ALFRED, Maine — A jury on Monday ruled against a Maine woman who said a prestigious research institute removed her late husband’s brain without her consent.

A jury in York County Superior Court ruled 7-2 in favor of the Stanley Medical Research Institute and its Maine representative, Matthew Cyr. The Bethesda-based institute collected brains for use in the study of schizophrenia and bipolar disorder.

In her lawsuit, Anne Mozingo, of York, said her husband’s entire brain was removed after he died of a brain aneurism in 2000. She said she had agreed to donate only tissue samples.

Philip Coffin, who represented the institute in the trial, said it’s common to use the word “organ” for a living organ like a heart, while referring to others used for research as “tissue.”

Coffin said Mozingo tried to make it seem as though the institute, Cyr and Dr. E. Fuller Torrey, the institute’s former executive director, were in the business of “illegitimately gotten body parts.”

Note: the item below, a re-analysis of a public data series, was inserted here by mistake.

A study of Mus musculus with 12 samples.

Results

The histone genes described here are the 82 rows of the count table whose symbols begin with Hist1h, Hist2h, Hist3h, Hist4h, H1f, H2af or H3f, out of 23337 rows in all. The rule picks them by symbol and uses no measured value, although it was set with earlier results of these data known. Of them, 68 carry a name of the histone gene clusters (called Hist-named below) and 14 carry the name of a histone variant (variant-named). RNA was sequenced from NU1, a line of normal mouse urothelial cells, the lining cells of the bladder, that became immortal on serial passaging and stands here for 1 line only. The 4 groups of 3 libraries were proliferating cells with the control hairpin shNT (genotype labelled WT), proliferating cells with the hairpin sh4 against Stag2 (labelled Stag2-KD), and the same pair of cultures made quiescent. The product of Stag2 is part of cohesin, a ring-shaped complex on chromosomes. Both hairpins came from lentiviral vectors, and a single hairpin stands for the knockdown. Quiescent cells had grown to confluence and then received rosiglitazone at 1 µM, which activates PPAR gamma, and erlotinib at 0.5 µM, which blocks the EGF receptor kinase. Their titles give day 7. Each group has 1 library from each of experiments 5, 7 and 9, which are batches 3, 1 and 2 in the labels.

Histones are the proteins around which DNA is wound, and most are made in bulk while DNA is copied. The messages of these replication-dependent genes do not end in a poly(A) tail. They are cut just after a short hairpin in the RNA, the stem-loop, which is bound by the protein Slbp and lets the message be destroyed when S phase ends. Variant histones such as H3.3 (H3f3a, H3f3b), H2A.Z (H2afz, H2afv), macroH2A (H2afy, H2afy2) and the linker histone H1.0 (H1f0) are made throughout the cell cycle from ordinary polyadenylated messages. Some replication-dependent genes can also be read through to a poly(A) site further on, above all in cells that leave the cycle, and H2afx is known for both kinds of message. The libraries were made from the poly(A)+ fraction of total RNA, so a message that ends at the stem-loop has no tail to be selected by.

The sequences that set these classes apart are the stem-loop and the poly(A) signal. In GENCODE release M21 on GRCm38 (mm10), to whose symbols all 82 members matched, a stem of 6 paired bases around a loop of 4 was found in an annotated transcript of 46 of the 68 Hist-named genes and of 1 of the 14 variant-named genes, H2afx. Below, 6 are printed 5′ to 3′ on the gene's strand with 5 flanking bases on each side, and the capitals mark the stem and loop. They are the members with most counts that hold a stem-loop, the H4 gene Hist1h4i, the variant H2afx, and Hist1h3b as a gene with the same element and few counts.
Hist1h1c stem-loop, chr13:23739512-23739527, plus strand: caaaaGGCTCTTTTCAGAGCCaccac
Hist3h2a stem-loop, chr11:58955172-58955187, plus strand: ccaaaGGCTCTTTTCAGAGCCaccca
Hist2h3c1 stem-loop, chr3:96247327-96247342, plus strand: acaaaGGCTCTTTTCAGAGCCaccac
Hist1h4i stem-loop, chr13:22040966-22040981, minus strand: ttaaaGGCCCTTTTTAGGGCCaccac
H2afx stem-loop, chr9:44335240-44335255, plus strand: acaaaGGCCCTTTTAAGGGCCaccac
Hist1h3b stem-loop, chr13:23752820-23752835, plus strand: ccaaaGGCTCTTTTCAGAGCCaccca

“That’s just not true,” he said.

From the mid-1990s until the middle of last decade, Stanley Medical Research Institute used a network of “brain harvesters” in Maine and three other states to collect hundreds of brains for use in the study of schizophrenia and bipolar disorder.

The institute’s brain-harvesting practices came under scrutiny after Mozingo and a number of other people came forward claiming Cyr, who lives in Bucksport, had arranged to have their relatives’ full brains removed after they had agreed to have only samples of brain tissue removed.

More than a dozen lawsuits were filed against the institute by Maine families, with most being settled out of court.

Mozingo’s was the third case to go before a jury. The first one resulted in a mistrial in January 2010. A jury last fall ruled in favor of the institute.